Amy Carter

I chose to apply to Clare because I loved the college from when I first visited it. It manages to be old and beautiful, whilst also having fantastic accommodation, a great bar and an incredibly relaxed atmosphere that is perfect for unwinding in. However, the real appeal of Clare is its character- it honestly is one of the friendliest colleges, with a fantastic musical heritage, a society for everything you could ever think of, one of the best May Balls in the university and a perfect location. Tell people you go to Clare and they are guaranteed to “ooh” and say that it is “so nice”, which is the college’s greatest strength and honestly a true reflection of what it is like.

History at Clare is brilliant, the history fellows are really welcoming. You will have a few meetings a term with the other historians in your year (Clare normally takes between 7 and 10), as well as individual meetings with your Director of Studies, and larger informal gatherings with all the Clare historians. Clare is truly lucky with its fellows and connections, and you will be supervised by some truly remarkable people- but don’t be daunted! History is a really friendly department in general and especially at Clare, where the small department are all very close. Clare is also perfect for history as the college has a brilliant library (the FML) and is also very close to the faculty library (the Sidgwick) and the University Library, which is brilliant for those late deadlines!

Interviews are incredibly daunting. I know it is clichéd, but honestly remember to keep perspective, and if possible, enjoy your interview! It isn’t the inquisition some of the rumours make it out to be: when applying for history at Clare you will have two interviews, each with two fellows. You will be asked to send in two essays (from your school work, not specially written) which will be the focus of your first interview, as well as some more general questions on which periods you are interested in (if there is a period you’d really like to talk about, send in an essay on it and/or mention it in your personal statement- play to your strengths!) The second interview includes a small test, where you will be given a short source before your interview, with some time beforehand to study it. During this interview you will discuss the source and history in general. DO NOT BE AFRAID OF THE TEST. Your interviewers will not expect you to know everything about an unseen source! What they are looking to find out is how you think, not what you know, and how you use facts and ideas. They are also simply looking to you as a person, to see whether you would be happy at Clare! The best advice to interviews therefore is honestly just to be relaxed, yourself, and confident when you go in. Read your essays and feel assured discussing them; actually read any books you have name-dropped in your personal statement (!) and show as much genuine and sincere enthusiasm for the subject as is appropriate to you!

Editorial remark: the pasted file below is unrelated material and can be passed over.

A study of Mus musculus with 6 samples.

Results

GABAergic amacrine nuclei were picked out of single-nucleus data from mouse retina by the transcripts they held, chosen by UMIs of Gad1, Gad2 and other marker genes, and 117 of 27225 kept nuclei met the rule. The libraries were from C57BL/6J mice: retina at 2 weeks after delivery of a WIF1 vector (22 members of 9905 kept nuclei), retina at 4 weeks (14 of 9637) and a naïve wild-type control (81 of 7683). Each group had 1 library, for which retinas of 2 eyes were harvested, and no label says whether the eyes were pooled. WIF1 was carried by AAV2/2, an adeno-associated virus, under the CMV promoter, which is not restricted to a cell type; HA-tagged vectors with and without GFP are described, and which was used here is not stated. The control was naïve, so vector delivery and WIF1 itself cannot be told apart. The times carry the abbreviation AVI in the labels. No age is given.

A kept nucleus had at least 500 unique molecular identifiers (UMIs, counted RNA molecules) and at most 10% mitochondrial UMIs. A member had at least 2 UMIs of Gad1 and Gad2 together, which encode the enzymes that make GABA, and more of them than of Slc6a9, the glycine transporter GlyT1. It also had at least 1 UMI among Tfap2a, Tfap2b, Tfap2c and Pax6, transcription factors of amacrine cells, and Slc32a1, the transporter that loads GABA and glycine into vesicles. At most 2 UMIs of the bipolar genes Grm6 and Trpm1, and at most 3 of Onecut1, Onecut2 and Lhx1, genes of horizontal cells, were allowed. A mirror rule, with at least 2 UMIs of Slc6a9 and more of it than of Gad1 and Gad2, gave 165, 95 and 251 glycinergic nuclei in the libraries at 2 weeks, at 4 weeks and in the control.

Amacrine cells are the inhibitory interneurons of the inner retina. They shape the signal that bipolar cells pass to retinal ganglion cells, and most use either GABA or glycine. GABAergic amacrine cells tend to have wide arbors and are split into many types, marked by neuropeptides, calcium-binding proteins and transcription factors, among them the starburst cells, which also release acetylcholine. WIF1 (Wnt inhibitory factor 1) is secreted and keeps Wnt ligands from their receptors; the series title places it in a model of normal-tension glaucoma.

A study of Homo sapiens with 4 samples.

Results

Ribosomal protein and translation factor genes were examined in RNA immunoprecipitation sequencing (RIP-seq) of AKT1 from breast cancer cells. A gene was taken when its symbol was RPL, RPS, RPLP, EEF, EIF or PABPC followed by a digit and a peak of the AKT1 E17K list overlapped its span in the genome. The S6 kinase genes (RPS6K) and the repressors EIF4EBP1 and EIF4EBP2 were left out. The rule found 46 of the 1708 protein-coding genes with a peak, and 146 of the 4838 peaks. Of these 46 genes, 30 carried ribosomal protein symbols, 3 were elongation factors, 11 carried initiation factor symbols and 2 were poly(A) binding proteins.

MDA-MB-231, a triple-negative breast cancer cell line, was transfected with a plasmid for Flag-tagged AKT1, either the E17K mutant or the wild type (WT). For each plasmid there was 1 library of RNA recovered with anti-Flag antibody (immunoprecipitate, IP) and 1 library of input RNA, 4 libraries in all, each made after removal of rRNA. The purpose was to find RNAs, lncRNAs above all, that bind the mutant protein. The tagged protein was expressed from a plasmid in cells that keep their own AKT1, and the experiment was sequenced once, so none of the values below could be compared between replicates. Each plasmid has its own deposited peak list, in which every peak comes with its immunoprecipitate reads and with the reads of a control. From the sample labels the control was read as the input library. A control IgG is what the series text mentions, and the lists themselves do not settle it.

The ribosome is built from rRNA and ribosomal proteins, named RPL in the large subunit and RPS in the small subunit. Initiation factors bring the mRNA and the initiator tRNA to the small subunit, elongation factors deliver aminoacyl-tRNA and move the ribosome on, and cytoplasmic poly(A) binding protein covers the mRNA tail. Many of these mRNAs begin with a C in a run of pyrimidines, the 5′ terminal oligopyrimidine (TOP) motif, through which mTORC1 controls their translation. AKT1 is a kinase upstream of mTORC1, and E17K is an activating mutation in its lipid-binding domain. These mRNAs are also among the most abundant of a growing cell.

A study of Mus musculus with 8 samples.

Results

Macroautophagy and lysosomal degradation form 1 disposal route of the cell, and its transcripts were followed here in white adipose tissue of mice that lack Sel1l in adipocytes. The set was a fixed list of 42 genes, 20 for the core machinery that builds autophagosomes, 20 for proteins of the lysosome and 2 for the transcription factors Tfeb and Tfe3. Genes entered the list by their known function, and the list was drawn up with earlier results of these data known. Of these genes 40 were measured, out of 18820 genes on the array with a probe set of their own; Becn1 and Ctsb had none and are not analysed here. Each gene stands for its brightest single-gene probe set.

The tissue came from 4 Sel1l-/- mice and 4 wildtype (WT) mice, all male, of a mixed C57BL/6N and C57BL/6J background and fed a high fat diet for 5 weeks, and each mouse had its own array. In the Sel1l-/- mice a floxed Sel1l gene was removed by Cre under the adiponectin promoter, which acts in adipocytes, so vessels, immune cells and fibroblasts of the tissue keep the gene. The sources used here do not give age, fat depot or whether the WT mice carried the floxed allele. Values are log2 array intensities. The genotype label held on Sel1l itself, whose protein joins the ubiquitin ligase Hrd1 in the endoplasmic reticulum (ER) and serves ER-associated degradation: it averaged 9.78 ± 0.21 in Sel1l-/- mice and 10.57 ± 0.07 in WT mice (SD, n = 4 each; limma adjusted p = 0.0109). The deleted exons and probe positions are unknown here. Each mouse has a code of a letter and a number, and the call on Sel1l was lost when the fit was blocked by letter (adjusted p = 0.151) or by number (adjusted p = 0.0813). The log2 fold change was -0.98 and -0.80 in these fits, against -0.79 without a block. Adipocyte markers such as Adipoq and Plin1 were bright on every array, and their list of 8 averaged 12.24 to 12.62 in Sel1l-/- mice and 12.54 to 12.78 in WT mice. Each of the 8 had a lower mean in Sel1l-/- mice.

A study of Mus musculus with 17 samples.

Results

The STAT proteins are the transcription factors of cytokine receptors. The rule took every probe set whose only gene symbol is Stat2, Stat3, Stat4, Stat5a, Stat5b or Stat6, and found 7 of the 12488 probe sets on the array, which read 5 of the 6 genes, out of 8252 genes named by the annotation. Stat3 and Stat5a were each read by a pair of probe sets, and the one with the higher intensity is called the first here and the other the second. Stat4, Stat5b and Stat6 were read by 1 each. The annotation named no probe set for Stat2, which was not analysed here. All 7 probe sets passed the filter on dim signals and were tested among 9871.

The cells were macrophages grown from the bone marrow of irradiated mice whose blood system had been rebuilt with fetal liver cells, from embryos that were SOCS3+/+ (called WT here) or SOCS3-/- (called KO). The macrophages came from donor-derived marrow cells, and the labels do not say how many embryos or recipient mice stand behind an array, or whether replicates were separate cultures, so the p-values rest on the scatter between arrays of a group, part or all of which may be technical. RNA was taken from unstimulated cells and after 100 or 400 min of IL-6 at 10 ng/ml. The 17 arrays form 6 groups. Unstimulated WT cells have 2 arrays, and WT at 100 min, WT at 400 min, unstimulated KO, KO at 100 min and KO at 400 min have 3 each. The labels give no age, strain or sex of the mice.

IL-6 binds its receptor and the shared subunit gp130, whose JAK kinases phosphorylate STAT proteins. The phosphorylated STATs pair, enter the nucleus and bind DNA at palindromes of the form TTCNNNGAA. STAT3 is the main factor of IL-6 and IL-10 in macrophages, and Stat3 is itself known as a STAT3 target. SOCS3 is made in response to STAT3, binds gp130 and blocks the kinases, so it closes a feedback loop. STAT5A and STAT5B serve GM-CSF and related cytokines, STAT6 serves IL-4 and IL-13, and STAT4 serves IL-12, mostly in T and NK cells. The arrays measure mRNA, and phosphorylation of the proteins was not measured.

It is SO important to stress that not all your time at Clare and Cambridge is academically based. My experience at Clare so far has been wonderful, and it’s the ‘extra-curriculars’ than really make your experience at Cambridge great. Since I’ve been here, I’ve played netball and hockey for the college (which offers teams for all stages and commitment levels), tried rowing, worked at the ents, done tours for the Access scheme, been a member of the design team for Clare May Ball 2009 and had an absolute blast. There honestly is an activity for you whatever your preference- whether you are a sporting god (try out for the uni teams or have a fantastic time playing for the college), a fantastic musician (Clare has a fantastically talented and well-renowned choir and orchestra, as well as open mic nights), a talented actor or dramatist (Clare Actors do an event every term and the annual panto is a complete scream), an organising whiz with creative flair (get involved with the May Ball or Clare’s ‘ents’, our fantastic club nights in the atmospheric cellars).